Thursday, February 27, 2003
# Posted 8:56 PM by Ariel David Adesnik
On the front page of today's WaPo there is a long article entitled "Democracy in Kuwait is Promise Unfulfilled". While this headline is 100% accurate, the article does not explain why it is that Kuwait is no closer to democratic rule than it was at the end of the Gulf War.
As the Post correctly reports, Kuwait is a "tightly controlled hereditary emirate" with an elected parliament. While the franchise is restricted to male citizens over the age of 21, elections are essentially fair. Reading the Post article, one has no idea what the significance of parliament is in this tightly controlled hereditary emirate.
Trying to figure out what was going on, I turned to an article by Georgia State Prof. Michael Herb in the Oct. 2002 issue of the Journal of Democracy. It turns out that the Emir's son, the Crown Prince, appoints the cabinet, which is responsible to the Emir and not to the parliament. The cabinet does not need a vote of confidence in parliament in order to take office, nor can it be removed by a vote of no confidence.
The ministries of defense, interior and foreign affairs (known collectively as the ministries of sovereignty) are reserved for members of the royal family, while the rest of the cabinet posts are distributed in a manner reflecting the balance of power in parliament.
The one prerogrative the parliament itself has is to vote no confidence in individual ministers, a prerogative it took advantage of in July 2002. Ironically, the vote reflected an effort by conservative Islamist, Shi'ite and tribal deputies to oust a liberal finance minister. Their effort failed, but narrowly.
Neither the WaPo article nor its JoD counterpart gives much sense of how much control the parliament has over the government, although the latter observes that "the government does sometimes lose important votes, as was the case with parliament's refusal to give women the vote." In a bit of bad reporting, the Post implies that the defeat of women's suffrage was an unmitigated defeat for democracy, rather than exploring the possibility that the conservative opposition's successful resistance to a government sponsored initiative indicates that the royal family does not wield, as the Post would have it, "unquestioned power."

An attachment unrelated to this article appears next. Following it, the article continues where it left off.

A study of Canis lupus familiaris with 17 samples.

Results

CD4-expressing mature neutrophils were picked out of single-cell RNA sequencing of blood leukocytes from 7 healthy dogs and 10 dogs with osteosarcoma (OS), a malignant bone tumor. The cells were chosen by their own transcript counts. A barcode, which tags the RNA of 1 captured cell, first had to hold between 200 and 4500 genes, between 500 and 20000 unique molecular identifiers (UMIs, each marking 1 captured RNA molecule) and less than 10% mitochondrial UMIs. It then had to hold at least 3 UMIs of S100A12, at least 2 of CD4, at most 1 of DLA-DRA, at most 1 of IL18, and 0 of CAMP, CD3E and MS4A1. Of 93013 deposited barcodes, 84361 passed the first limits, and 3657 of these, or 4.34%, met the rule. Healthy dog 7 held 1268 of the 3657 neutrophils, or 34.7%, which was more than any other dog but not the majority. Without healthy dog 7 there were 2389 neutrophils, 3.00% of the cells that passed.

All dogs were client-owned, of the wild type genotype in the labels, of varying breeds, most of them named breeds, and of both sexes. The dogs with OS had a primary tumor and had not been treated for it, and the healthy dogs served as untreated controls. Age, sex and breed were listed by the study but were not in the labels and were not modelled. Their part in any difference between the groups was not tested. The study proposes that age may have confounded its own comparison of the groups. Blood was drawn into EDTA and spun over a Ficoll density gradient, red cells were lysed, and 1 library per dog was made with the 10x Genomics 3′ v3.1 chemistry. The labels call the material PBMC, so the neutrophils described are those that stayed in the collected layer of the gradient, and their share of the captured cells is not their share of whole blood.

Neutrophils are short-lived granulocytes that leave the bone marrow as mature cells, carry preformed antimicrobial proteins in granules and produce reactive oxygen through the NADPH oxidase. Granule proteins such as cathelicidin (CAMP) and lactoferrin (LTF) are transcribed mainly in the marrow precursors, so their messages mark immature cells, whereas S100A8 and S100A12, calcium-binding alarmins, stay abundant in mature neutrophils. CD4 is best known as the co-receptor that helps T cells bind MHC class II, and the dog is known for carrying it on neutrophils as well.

A second critical oversight in both articles is their failure to examine what it is that Kuwait's Islamist opposition wants. Both simply refer to the Islamists as fundamentalist, with the Post mentioning their unsurprising habit of saying nice things about Palestinian martyrs and Osama bin Laden. But are the Islamists interested in taking control of the state? Do they acknowledge the legitimacy of the royal family? Would universal suffrage increase their influence or reduce it? Would an Islamist majority in parliament use it influence to open up the government or just demand special privileges for fundamentalists?
Herb writes that
"fears that an Islamist takeover will result from a partial transition [to democracy] are exaggerated. As much as the sad expereince of Algeria shows the very real dangers of ill-considered attempts at democratization, it is unlikley in the extreme that an Algerian scenario will play out in the Gulf: The ruling families there are too deply ensconced to be ousted by Islamists."
Thus, in Kuwait, the future of democracy depends on the willingness of the Emir and his family to grant their subjects both civil rights and a greater voice in government. In the absence of strong pressure from Washington, however, there is every reason to believe that they won't.